Wednesday, 27 May 2009

The 17th Carnival of Computer Help and Advice

Welcome to the seventeenth monthly Carnival of Computer Help and Advice. Another collection of blog articles to help you avoid problems and get the most out of your PC.

He start this month with some relief for Vista users. Krissb explains how to get rid of the annoying dialog box that opens everytime you want to perform some sort of administrative task. See the Get rid of the UAC! article at SEEPEYU.

Jules of says, "If you are using Microsoft Outlook for your email, then there is a simple add-on from Microsoft that can help you make regular backups." To find out more go to Backup Outlook PST Files.

We often include articles about Firefox hacks in this carnival. This month's supply comes from kemei, who presents 8 ways to hack Firefox to load faster posted at infomaniac.

On ths subject of Internet apps, Ivan at PC Hacks has written an excellent article that answers the question, What Is A Proxy Server And How To Use It?

"For those of you, who have to work for long hours on the computer, your eyes are put to undue strain. Here are a few tips on how to relax them." So says Aparna of Beauty and Personal Grooming. Do yourself a favour and see that article: Eye care for computer users.

For those of you who have made the switch to linux or are considering making the move, Yonit Gruber-hazani lists 13 books and magazines for linux sysadmins at

We round up this month with a post from regular carnival contributor, Andrew Edgington, who presents Adobe Photoshop Elements Tools - How to use the Smart Brush on his Master Adobe Elements blog.

If you have a blog with posts about computer issues and would like to host the next carnival then please leave a comment on this post or use the contact form over at our Blog Carnival page, where you can also submit your blog posts for inclusion in a future carnival.

If you would like to host a future carnival but don't wish to have the responsibility for selecting articles or writing the carnival post, don't worry I can do that for you.

More next month.

Tuesday, 19 May 2009

Putting new buttons on toolbars in MS Office (before the 2007 version)

A while ago I published an article that suggested that rather than printing directly from web browsers, such as Internet Explorer, it is better to copy the information that you want into a word processor and print it from there. In that article I mentioned the use of the 'Paste Special' in Word, which enables you to remove formatting from the information that you paste. In this article I will explain how to put a button for 'Paste Special' onto the toolbar in Microsoft Word 2003 and other earlier versions. This technique can also be used to add any of the other available buttons onto any toolbar.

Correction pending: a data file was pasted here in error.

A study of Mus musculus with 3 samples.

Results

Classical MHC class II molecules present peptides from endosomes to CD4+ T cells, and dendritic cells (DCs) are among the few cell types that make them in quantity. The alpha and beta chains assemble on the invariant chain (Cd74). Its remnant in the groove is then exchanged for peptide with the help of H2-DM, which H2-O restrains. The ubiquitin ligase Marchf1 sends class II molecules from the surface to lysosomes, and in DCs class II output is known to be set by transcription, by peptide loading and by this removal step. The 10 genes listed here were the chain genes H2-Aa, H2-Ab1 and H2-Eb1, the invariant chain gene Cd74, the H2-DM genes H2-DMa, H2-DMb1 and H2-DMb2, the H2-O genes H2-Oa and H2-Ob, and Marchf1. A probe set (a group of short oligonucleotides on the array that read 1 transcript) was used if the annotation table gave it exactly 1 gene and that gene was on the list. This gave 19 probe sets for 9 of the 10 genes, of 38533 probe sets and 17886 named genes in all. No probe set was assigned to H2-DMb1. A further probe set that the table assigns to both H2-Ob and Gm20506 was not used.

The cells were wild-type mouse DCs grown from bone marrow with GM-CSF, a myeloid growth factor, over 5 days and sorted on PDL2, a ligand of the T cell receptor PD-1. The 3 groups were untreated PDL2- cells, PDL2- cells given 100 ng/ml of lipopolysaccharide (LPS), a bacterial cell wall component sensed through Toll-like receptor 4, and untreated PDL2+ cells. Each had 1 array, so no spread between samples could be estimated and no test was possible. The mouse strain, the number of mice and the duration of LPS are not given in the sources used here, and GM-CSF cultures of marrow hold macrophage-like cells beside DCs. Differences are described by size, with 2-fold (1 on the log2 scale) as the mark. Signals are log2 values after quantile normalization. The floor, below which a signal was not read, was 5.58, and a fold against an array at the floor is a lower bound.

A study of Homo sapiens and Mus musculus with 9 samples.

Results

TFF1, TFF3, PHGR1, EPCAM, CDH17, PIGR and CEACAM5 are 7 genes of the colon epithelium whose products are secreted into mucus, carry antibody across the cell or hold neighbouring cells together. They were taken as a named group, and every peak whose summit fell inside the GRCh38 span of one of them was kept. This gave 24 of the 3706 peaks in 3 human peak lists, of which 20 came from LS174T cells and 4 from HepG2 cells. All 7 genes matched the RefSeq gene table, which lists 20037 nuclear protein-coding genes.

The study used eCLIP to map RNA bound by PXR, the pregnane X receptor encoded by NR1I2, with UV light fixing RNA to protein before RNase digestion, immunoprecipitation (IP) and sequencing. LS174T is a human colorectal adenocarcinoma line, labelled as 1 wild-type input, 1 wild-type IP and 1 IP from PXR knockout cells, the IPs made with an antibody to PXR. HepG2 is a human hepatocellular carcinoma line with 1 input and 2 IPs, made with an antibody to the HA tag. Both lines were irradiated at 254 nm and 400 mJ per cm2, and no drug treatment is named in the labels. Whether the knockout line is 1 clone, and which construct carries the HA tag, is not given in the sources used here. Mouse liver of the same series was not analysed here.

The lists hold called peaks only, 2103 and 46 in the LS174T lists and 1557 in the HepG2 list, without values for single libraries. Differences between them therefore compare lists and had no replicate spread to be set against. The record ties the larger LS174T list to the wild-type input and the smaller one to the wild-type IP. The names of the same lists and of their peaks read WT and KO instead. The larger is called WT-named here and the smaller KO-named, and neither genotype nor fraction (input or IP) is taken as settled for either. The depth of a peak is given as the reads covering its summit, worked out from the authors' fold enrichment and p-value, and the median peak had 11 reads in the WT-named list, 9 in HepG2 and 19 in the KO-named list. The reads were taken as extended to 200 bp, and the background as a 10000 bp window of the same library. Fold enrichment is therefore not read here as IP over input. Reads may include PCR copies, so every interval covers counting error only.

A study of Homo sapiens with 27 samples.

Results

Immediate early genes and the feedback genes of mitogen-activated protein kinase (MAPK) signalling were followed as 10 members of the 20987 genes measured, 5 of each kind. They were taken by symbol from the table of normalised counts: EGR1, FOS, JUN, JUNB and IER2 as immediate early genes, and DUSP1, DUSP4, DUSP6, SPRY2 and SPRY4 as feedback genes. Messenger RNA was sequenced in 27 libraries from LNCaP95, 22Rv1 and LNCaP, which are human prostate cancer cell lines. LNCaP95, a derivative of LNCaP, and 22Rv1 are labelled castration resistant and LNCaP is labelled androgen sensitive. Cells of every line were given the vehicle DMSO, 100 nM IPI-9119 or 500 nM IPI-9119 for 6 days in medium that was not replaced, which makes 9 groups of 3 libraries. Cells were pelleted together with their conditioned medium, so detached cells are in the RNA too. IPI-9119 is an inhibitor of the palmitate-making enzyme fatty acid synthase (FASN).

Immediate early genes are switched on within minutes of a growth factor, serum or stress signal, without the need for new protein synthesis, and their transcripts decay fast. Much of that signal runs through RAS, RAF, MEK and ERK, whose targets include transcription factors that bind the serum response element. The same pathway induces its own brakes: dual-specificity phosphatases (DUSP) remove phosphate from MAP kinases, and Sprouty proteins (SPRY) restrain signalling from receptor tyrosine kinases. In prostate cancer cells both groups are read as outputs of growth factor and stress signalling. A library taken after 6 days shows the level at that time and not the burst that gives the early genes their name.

Open up Word and right-click on one of the toolbars, which are at the top of the screen below the menu and look something like this:

From the menu, select 'Customize...', which will open a dialog box. Click on the 'Commands' tab.

Select 'Edit' from the left-hand menu, because the 'Paste Special' tool is listed in the 'Edit' menu. Scroll down through the list on the right-hand until you see 'Paste Special' then left-click on it and hold the mouse button down. The mouse pointer should change to an arrow pointing at a rectangle with a square to the bottom right, which will have an X in it initially.

Move the pointer up to the toolbars and release the mouse button when it is in a suitable position: next to the normal paste button for example. You will notice that the mouse pointer changed appearance again when you hovered over the toolbar, with the X being replaced with a + to let you know that the new button can be placed there.

Your toolbar should now look something like this:

If you wish to remove a button from the toolbar, follow the instructions above for opening the 'Customize' dialog, but rather than drag from the dialog box to the toolbar, click on the button you wish to remove from the toolbar and drag it into the dialog box.

This process also works in the other Microsoft Office applications such as Excel and PowerPoint. With Office 2007, Microsoft have replaced the old tried-and-tested menu and toolbar arrangement with something called 'ribbons' (as pictured below) and there is no way to customise these in the same way as detailed above.

This is an edited version of a post that first appeared on Bloody Computer! on 19th November 2007.

Friday, 8 May 2009

How to password protect any file in Windows XP

Certain applications, such as Microsoft Word, enable you to password protect your files. Nevertheless, the zip functionality that is built into Windows XP enables the user to password protect any file by compressing it using a password. If you have an alternate compression application, such as WinRar installed then you can also use that to password protect files on any version of Windows.

To do so, right-click on the file you wish to password protect and select 'Send to...' From the sub-menu that pops up select 'Compressed (zipped) folder'

This will create a zip file with the same name as the original file.

Right-click on this zip file and select 'Explore'. This will open the file in a new window. From the 'File' menu select 'Add a password'.

Type the password in twice and click OK

Delete the original file, and for extra safety, empty your 'Recycle Bin'.

You may see the following message if you have another compression application installed. If so, just click 'Yes', and carry on as above.